What is mobility?
Mobility is the temporary movement of capability—skills and experiences, as represented by people—within and between APS agencies, other jurisdictions, and the private sector, including academia and not-for-profit organisations. Mobility can happen through the initiative of an agency or an individual. It can be achieved through secondments, temporary transfers, leave without pay arrangements, and even informal verbal agreements between organisations. Employees often move locations as part of these arrangements, but it’s also possible for moves to be virtual.
The benefits of mobility
Targeted use of mobility provides a range of benefits for both employees and organisations.
Benefits to employees
- Broadens knowledge and deepens specialist skills, improving versatility and adaptability.
- Develops professional networks, widening career prospects and cultivating interpersonal skills.
- Increases understanding and engagement within the APS, and across sectors.
Benefits to home organisations
- Contributes to the diversity of skills and experiences within an organisation to tackle problems and deliver solutions.
- Widens organisational networks, supporting APS priorities and building understanding across agencies and sectors.
- Helps organisations build, attract and retain critical and emerging talent and skill sets.
Benefits to host organisations
- Offers fresh insights and perspectives, providing knowledge and expertise that uplifts team capability.
- Addresses workforce pressures, capability gaps and organisational priorities.
- Establishes collaborative relationships, forging stronger links across agencies and sectors.
We have been able to provide very niche technical expertise for medium term redeployments to the Department of Health for epidemiologists during the COVID-19 pandemic response. This would have been costly for Health to recruit for and some of these re-deployment assignments have turned into temporary transfers. These opportunities have again benefitted both the individual and Health as host agency while not negatively impacting business operations for our department.- Department of Agriculture, Water and the Environment
Types of arrangements for temporary moves between organisations
Micro-assignments and informal arrangements
- Short-term or part-time collaboration, often associated with a single project or task
- One day to a few months
- No pay-roll implications - ASL remains with home organisation
- Employee is often ‘shared’ between the organisations (for example a two-three day split, or week on week off)
- Supported by an informal agreement rather than a full Memorandum of Understanding – often an email only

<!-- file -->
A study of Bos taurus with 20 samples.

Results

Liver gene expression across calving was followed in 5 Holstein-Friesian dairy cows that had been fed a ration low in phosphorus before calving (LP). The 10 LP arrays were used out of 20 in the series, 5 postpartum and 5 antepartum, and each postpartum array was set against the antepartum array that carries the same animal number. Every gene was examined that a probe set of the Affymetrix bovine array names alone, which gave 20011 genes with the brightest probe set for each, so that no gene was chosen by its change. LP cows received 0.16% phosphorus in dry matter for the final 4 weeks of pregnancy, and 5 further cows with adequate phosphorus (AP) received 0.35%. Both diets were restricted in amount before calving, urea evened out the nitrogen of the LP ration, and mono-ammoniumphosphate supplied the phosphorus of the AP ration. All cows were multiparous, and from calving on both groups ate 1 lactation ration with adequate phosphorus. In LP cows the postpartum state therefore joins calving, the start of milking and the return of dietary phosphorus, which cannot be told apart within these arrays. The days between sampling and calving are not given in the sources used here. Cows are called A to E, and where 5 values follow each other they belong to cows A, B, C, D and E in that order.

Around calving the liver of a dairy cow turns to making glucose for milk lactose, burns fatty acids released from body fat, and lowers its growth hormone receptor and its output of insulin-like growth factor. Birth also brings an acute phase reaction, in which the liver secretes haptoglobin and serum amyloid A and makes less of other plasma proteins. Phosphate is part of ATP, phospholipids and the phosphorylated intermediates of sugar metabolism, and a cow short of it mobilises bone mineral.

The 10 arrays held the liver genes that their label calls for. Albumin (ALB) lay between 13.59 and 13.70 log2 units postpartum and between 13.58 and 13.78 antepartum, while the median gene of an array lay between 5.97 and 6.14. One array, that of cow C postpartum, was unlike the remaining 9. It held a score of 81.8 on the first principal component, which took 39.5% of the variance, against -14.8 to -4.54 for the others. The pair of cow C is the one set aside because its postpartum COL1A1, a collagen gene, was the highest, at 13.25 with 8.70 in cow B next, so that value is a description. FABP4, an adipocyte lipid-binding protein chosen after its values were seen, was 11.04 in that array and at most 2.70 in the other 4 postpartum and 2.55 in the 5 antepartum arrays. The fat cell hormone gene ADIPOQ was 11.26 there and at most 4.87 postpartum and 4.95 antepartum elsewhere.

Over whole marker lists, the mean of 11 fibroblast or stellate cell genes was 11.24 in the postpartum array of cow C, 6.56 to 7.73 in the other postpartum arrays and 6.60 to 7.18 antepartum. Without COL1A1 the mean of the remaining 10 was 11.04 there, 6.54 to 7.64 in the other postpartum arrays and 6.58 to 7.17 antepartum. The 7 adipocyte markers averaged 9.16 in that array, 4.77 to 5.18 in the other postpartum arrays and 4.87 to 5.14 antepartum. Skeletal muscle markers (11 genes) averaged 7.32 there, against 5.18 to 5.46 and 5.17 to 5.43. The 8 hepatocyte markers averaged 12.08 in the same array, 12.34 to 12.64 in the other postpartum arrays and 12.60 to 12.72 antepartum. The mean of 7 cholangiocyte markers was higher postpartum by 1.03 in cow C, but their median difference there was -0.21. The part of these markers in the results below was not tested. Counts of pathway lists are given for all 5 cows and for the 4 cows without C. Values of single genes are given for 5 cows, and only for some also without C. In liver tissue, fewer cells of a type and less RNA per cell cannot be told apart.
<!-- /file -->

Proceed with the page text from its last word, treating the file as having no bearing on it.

- Employee often works remotely off their usual work device or via a sharing platform like GovTEAMS – employee access to the host agency’s network or offices may not be needed
- Collaboration with another agency on a task or project
- Temporary moves between agencies with a close working relationship
- Temporary moves under an existing head agreement
This type of mobility is typically associated with a LOW level of risk
- Most common approach for temporary moves
- Usually 1 – 12 months
- Employee retains pay and conditions in line with the home organisation’s enterprise agreement and remains on home organisation’s payroll
- ASL remains with home organisation
- Can be at-level, with higher duties, or at a lower classification if all parties agree
- Employee can be ‘shared’ between the organisations if desired (for example a two – three day split, or week on week off)
- Memorandum of Understanding (MoU) or Secondment Agreement sets out how the arrangement will work
- Surge deployments
- Job swaps
- Taskforces and Royal Commissions
- Embedding an expert into a project team
- Short term, low-risk moves to non-APS organisations
This type of mobility is typically associated with a MODERATE level of risk
Temporary transfer under s 26 of the Public Service Act 1999
- used only between APS agencies
- usually 3 months or more
- employee moves to the host agency and receives pay and conditions in line with the host agency’s enterprise agreement and is paid via the host agency’s payroll
- ASL is attributed to the host organisation
- can be at-level, with higher duties, or at a lower classification if all parties agree
- employee moves administratively between the two agencies and for all practical purposes becomes an employee of the host agency
- Surge deployments where conditions or working arrangements are incompatible between agencies
- Long placements, for example to task forces, Royal Commissions or other expert roles
- Roles where the person moving must be an employee (for example to exercise financial delegations or powers under legislation)
This type of move is typically associated with MODERATE to HIGH level of risk
Leave Without Pay (LWOP)
- access to LWOP arrangements differs by organisation and is set out in enterprise agreements and organisation policies
- usually 6 months to 2 years
- most commonly used for temporary moves outside the APS (e.g. to the private sector or to an international institution)
- employee is employed by the host organisation and is subject to their agreement or requirements
- seeking outside employment during a LWOP arrangement is usually agreed in writing with the employee and home organisation delegate, but there is usually no formal agreement between the host and home organisation
- Sabbaticals and long-term placements outside the APS
- Roles where the person must be a formal employee rather than a secondee (for example state, territory or local government roles)
- Roles requiring arms-length independence from the Commonwealth or where there are conflict of interest challenges to navigate (for example some academic, private or not-for-profit sector roles)
This type of mobility is typically associated with a HIGHER level of risk.